Experts from Aalto University worked with the Finnish Meteorological Institute, VTT Technical Research Center of Finland and the University of Helsinki to investigate the airborne transmission and spread of coronavirus in indoor spaces. Aalto University researchers say that, amid the easing of lockdown restrictions in many parts of the world, the video underlines the ongoing risks posed by COVID-19.
The 3D video simulation shows how droplets of different sizes travel in an indoor airflow over a four-minute period. The simulation shows the largest drops sinking to the ground within a few minutes, whereas the smaller drops dry out and remain in the air as aerosol particles. These can travel with the airflow for several minutes or even hours, the researchers explain in the video.
“When a person speaks, cough or sneezes, droplets are generated from their respiratory tract, and these can carry pathogens such as coronaviruses,” the researchers say in a statement accompanying the video.
Researchers involved in the project have published the first pre-print version of their paper on the Arxiv.org repository. The research has also been submitted for peer review.
“Our simulations show that virtually all droplets of less than 50 micrometres – and thus the majority of those produced when coughing – dry up as particles before they reach the floor and then linger around as carried by the indoor airflows,” said Aalto University assistant professor and project coordinator Ville Vuorinen in the statement. “We consider it possible that these particles contain enough virus pathogens to cause infection.”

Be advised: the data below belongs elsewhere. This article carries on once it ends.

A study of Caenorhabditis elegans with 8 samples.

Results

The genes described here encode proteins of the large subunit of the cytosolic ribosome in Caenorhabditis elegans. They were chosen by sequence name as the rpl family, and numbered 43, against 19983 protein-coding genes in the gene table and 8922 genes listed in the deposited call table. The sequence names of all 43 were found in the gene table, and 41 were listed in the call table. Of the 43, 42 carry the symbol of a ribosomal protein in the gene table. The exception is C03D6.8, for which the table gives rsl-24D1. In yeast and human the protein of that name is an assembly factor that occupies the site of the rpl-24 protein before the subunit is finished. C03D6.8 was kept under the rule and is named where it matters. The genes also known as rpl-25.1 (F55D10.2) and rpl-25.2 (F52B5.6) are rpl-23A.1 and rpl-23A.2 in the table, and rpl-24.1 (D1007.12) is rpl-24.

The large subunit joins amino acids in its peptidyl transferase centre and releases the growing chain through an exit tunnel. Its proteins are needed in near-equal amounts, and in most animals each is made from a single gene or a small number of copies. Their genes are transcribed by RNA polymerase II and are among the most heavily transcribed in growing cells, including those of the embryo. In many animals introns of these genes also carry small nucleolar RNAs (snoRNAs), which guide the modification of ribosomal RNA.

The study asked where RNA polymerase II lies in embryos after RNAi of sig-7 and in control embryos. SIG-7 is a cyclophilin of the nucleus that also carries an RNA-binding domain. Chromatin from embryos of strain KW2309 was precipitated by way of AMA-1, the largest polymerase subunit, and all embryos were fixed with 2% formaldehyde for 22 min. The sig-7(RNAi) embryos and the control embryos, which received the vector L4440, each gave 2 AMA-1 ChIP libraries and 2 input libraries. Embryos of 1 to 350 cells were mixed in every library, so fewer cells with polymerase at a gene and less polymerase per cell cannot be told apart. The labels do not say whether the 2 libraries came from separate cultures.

As part of the same project, the researchers released a video earlier this year that modeled the potential spread of coronavirus in a supermarket.
Experts acknowledge that, while the risk of infection from a single shopping trip is relatively low, the probability of infection accumulates with regular exposure over the course of several weeks.
In the paper, researchers studied infection spikes where a large number of people were infected by a single pre-symptomatic infectious person.
“In the modeling, we examined the effect of the length of time spent in the space, the total number of people and the number of those coughing,” explained Vuorinen. “One person per square meter, as is common in bars, just simply talking, can create a particle cloud sufficient for infecting others nearby.”
In a separate study, scientists recently tracked the “alarming” spread of coronavirus in a South Korean call center.
“A symptomatic person working in an open office can create concentrations in the surrounding space ranging, on average, from 10 to 500 aerosol particles per cubic meter,” Vuorinen added. “If 100 aerosol particles per cubic meter are taken as the risk limit for exposure, people may therefore have exposure in times ranging from a few minutes to as long as several hours.”
As of Wednesday afternoon, over 5.63 million coronavirus cases have been diagnosed worldwide, with at least 1.68 million of them in the U.S., according to data from Johns Hopkins University. The disease has accounted for at least 352,235 deaths around the world, including at least 99,264 in the U.S.